Nanjing, A man selling sheep from Inner Mongolia

 

At the end of autumn, in the middle of a residential area, a handful of people gather around several sheep carcasses, hanging upside down with their head removed. Blood is dripping from their broken necks and tails.

 

The man who sells the mutton is boasting to consumers the high quality and freshness of his sheep. According to him, all the sheep were transported from Inner Mongolia, constantly in frozen condition.

 

The mutton is sold for 22 RMB per “jin” (half a kilo) with skin and 21 RMB without the skin. Some costumers doubt the freshness of the meat, for the price is quite cheap.

 

This year, the man has purchased 50 tons of Mongolian sheep. He estimates that they can be sold out before the Spring Festival.

 

He is from Anhui, but speaks with a pure Nanjing accent. He explains that he has moved here more than a decade ago. He started the sheep trade a couple of years ago.

 

 

 

 

Nanjing, Wu Jia’Ai meat market



We visit a wholesale market for meat at BaoTaqiao Street, located on the east side of the Yangtze River. The place is deserted on the Sunday afternoon, except for the chaotic howling of livestock coming from one of the large, warehouse-like, buildings.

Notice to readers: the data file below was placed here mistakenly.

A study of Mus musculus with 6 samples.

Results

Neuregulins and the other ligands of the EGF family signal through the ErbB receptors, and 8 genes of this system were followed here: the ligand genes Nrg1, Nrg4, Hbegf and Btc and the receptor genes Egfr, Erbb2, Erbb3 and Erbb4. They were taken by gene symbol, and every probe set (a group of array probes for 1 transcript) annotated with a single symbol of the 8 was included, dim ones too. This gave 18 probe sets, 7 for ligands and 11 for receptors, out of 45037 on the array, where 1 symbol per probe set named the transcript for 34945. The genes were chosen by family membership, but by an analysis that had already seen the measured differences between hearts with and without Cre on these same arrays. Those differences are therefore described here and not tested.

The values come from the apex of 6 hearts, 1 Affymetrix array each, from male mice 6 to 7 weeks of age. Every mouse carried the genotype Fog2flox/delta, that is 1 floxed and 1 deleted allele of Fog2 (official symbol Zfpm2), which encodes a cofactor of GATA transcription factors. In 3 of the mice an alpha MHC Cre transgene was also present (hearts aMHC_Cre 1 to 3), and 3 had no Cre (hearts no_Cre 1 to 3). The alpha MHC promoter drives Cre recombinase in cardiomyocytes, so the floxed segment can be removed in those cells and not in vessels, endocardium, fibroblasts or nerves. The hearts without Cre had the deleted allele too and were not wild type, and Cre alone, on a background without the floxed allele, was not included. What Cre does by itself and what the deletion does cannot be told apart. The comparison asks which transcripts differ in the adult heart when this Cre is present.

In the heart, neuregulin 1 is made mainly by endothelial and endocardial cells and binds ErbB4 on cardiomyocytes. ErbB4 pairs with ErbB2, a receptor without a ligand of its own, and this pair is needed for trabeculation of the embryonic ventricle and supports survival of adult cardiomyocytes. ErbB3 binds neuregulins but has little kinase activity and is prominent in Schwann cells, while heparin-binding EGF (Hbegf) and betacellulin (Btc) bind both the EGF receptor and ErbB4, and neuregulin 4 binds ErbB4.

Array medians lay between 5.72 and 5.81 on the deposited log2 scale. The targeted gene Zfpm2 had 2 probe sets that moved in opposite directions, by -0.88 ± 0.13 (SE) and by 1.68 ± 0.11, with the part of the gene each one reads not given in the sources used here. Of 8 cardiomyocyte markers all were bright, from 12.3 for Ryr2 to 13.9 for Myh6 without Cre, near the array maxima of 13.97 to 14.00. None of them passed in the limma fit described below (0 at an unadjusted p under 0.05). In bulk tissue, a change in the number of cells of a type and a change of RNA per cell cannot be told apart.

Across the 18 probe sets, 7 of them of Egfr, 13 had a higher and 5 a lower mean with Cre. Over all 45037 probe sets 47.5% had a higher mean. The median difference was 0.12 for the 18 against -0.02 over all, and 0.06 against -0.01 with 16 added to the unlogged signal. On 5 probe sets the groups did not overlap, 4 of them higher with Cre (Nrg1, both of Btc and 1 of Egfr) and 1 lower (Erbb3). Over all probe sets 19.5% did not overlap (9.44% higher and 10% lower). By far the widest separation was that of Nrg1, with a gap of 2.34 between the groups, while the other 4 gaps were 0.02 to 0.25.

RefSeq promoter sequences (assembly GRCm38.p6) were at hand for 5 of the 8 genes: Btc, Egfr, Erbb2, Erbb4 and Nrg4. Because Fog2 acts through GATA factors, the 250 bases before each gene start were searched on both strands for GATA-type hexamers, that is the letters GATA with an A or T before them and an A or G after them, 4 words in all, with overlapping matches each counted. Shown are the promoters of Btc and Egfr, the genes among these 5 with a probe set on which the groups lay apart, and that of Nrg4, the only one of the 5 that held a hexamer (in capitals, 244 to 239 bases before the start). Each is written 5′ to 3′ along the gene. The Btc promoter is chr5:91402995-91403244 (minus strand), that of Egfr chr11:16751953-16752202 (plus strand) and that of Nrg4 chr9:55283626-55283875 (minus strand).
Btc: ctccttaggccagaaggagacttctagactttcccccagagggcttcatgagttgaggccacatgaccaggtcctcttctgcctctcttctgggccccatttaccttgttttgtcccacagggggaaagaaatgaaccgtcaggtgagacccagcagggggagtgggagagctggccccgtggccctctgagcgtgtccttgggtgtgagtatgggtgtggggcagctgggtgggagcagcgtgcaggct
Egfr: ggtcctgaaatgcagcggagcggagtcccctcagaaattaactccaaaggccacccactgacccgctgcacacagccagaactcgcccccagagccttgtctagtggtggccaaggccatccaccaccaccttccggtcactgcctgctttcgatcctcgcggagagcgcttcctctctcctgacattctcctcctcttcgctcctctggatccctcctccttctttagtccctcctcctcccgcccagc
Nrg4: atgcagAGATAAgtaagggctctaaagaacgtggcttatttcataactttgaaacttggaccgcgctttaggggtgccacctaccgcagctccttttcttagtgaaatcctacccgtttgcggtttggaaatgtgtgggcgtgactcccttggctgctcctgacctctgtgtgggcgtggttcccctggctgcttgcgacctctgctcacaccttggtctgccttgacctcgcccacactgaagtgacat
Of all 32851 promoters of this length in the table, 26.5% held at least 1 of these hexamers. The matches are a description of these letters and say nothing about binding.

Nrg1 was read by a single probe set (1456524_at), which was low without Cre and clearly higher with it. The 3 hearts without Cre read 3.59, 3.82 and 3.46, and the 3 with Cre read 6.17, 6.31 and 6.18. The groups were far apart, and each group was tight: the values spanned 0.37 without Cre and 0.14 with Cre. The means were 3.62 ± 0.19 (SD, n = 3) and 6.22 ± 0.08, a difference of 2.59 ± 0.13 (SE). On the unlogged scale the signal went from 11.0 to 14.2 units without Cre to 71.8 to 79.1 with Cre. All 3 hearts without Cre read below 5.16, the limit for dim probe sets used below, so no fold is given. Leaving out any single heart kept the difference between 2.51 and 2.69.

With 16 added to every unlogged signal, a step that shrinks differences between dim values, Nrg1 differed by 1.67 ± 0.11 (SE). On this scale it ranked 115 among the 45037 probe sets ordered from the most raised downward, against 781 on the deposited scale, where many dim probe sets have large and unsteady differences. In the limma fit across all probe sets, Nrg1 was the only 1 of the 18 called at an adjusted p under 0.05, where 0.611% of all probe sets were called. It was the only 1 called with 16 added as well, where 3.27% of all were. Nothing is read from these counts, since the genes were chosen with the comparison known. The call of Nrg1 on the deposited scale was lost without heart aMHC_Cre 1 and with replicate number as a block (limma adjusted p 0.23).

We enter the building. Once we get adjusted to the darkness, we see dozens of pigs crowded in iron cages.

 

 

We meet Mr. Wu, the owner of the pigs, and a colleague. Mr. Wu bought the pigs from Anhui Province and will sell them to butchers and supermarkets for 2,000 RMB each. Every day, he purchases and sells out 40 to 50 pigs, he says.

 

Beijing, A serious card game

 

Behind an area of new apartments, next to the Dongfeng park, there is a small village with cottages; a so called “chengxiangjiehebu”  (village in a city).

 

The area originally was a cemetery in the late Qing dynasty. At that time, the people who lived here were guarding the graves. With the foundation of the Peoples Republic, the land was turned into farmland for growing vegetables and crops.

 

When we walk through the streets in this area, we see many gambling rooms. We stop by a group of men playing cards. They play a very serious game with high stakes.

 

The men are descendants from people from Jiangxi province who came to Beijing several generations ago when there was a shortage of fresh meat in Beijing. The Jiangxi traders set-up a business for slaughter and sales of meat, providing Beijing citizens with the needed supply of fresh meat. During those days, many of the men gambled and played card games during the day, while at night they slaughtered and ran their meat business. A government ruling in 1994 ended the slaughter business; as of then individuals were not allowed to slaughter livestock anymore.

Many of the Jiangxi people stayed in the area after the ruling and are still active in trading meat.

 

Residents in the area do not expect that the village has to make way for development projects any time soon. The land is worth a lot of money and it would cost the government too much money to buy the land and relocate the residents.

The living conditions in the area are simple, but the rent is high. The owner of the gambling room pays 800 Yuan per month. With his child at an age to enter school soon, the high rent is a burden for him.